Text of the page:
Superfan Botha Msila stops attending PSL games as he's ‘drained mentally, health-wise’ from Cairo trip
Mad-cap Premier Soccer League (PSL) super-fan Botha Msila has said he is taking a year’s break from attending football matches.
Msila, known for hitch-hiking to multiple PSL matches around South Africa on a weekend, said in an interview with Robert Marawa on the host’s Marawa TV that his trip overland last year from South Africa to Egypt to watch the 2019 Africa Cup of Nations might have been a step too far.
In something of a shock announcement, given how South Africans have grown used to seeing Msila at PSL matches, the fan said he has stopped going to matches until 2021 because the trip to Egypt drained him “mentally, physically and health-wise”.
The No 1 Bloemfontein Celtic supporter, easily recognisable by his trademark white shower cap and green and white overalls, regularly leaves football TV hosts baffled at how he gets to many PSL matches on a weekend.
Having – bravely, or foolishly – left on the trip to Cairo without visas and documentation, Msila became stuck at the border from Kenya into Ethiopia, needing the kindness of strangers to be sustained financially and resolve the problem.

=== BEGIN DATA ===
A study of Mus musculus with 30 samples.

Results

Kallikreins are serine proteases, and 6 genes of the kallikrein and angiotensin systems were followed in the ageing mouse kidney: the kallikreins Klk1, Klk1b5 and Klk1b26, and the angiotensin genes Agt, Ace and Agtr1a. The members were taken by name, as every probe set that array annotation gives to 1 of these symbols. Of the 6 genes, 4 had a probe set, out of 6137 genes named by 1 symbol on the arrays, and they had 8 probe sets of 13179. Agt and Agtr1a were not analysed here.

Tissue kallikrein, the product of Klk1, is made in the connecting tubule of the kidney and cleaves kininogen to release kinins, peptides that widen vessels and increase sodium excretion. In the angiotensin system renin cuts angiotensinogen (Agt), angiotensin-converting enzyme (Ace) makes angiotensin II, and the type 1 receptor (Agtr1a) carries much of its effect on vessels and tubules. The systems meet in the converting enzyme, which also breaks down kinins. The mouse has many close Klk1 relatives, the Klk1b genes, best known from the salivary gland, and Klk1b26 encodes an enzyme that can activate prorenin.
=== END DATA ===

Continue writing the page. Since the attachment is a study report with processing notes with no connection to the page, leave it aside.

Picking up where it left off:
“I think everybody has seen, or some have heard about, the trip I took to Egypt. To be fair that trip drained me,” Msila admitted.
“I was thinking like there was no tomorrow on my trip when I encountered challenges. I was thinking like I had been tasked to think. So my thinking tank was working day and night.
“I didn’t get the time to sleep because I was thinking.
“When we stayed at the border to Ethiopia for three nights, I did not sleep for those three days because I was thinking each and every second, ‘Botha, are you going to stay here for six days, or six months, or are you going to go back to your country?’
“I was regretting [the trip].”
Msila undertook his trip with Zimbabwean travel companion and fellow football fan, Alvin Zhakata.
“We struggled a lot. To the extent that some guys were saying, ‘You might stay here for five, seven days’,” Msila said.
“[I was] counting [days] – I must pass Sudan, where there is a war. After Sudan, by then the tournament might be done.”
Msila admitted he had been naïve about the visa and financial issues, and the dangers of passing through war zones during such a trip.